It’s a common debate:
the validity of Zefron and Vanessa Hudgens’ relationship what’s the best way to stay sane in this job? Everyone has their own take on how to best unwind, decompress, let loose, whatever you want to call it. What we all seem to be able to agree on is that we need to figure out a way to leave the job at the office.
Let’s all hop in the Wayback Machine (take it away, Mr. Peabody!) and head back to
Shoot The Freak social work school.
In some class, I can’t remember which one (for those of you currently there, I assure you, they all run together as soon as you’re out the door) we had a discussion about this very topic. How do we prevent burnout? How do you see what you see, day after day, and come home and just be you?
Lots of suggestions were thrown out. “Exercise.” “Don’t work too much overtime.” “Don’t type notes at home.” None of them struck me as something anyone would really take issue with.
Apparently I forgot where I was.
“Don’t social work your friends.”
This was offered by one of the few people I considered an actual friend and hoped to remain in touch with after
boot camp social work school. “Social working” one’s friends or family is a commonly used term. It’s when you can’t shut off that bleed between work and home. When your friend is crying to you about her failed relationship, you might want to lead her in an exercise to identify her strengths as a person, and what characteristics define a good relationship. When your cousin is complaining about his mother (author’s note: this has never happened in my family) your first instinct may be to explore family subsets and boundaries.
Resist at all costs. At least that’s what I say.
Another girl, decidedly, disagreed. Of course.
This girl was a nice person. We hung out occasionally. We had worked on group projects and had tons of classes together. But, to be DSM-IV technical, I thought she was a bit of a wackadoodle.
“People always say that, ‘don’t social work your friends,’ but isn’t ‘social worker’ a part of our identities now? We can’t shut off our education, or the things we’ve learned about human relationships. Isn’t that a good thing to bring into our own interactions?”
Sure. It can be. Everything you learn, and all of your experiences, impact who you are as a person and how you relate to others. But it’s a question of being ‘on’ all the time. When my one of my younger cousins is dating an idiot or going through a tough break up, my social work education and experience tells me that bashing the guy is not the most productive course of action to take.
But the guy in question is a little shit, and that’s my baby cousin. So bash I will. I wouldn’t tell a client that, based on her boyfriend’s Facebook page, he seems to be an immature jackass who doesn’t deserve her. (Again, this is hypothetical.) Because I have professional boundaries, and am trying to help people find the answers for themselves.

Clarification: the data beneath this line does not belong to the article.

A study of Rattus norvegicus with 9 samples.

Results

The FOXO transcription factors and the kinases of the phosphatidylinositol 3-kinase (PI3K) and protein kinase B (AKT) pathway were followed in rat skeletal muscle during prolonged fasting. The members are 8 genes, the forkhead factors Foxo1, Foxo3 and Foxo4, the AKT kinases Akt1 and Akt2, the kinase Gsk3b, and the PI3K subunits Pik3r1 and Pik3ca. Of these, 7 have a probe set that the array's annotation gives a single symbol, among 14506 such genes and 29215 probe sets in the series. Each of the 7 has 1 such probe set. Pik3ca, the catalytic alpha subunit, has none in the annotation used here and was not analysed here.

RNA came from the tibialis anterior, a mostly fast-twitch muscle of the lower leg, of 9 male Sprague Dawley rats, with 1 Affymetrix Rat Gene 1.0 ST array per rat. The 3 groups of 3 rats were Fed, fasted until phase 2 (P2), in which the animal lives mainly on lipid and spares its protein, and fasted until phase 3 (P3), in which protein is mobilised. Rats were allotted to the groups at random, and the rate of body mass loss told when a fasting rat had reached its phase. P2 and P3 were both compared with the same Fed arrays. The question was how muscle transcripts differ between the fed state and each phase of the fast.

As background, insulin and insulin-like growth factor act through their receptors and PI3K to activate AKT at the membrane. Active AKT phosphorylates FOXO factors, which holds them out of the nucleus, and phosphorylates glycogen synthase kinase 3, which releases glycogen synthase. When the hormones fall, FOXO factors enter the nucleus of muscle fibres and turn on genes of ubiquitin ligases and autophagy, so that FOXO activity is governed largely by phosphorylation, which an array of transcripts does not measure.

This wasn’t enough of an explanation for my classmate, though.
“I think social worker is an integral part of my identity. I think that will really help me in dealing with people, whether it’s at work, or at home, you know, with family, or a lover, or friend.”
Who says lover? Is it 80s flashback day? Honestly.
We all went back and forth for a while, wasting most of our class time away on a non issue.
“I get what you’re saying, but I think you can stay yourself, and maintain your social work knowledge while relating to your friends and family in the same way.”
“Yeah, my previous education and work influence how I deal with people, but I still leave work at work.
“I don’t think social work school fundamentally changes who you are, as a friend or family member.”
“But I think social work school makes me a better sister, friend, lover, whatever.”
“Oh my God, stop saying lover! Aren’t we supposed to be learning about psychopathology?!”
Guess who that last one was?
I went into
High School Musical social work because I cared about people, loved kids, and believed that marginalized people need a voice. I learned a lot, certainly. And that’s probably affected how I understand and relate to some people in my life. But overall? I’m still me. The things about me that now scream ‘social worker’ were, in many instances, there before I ever went to Rocky Horror social worker school.
I was a sarcastic little shit before getting into this profession. And now? Well, I think you know where I’m going with this.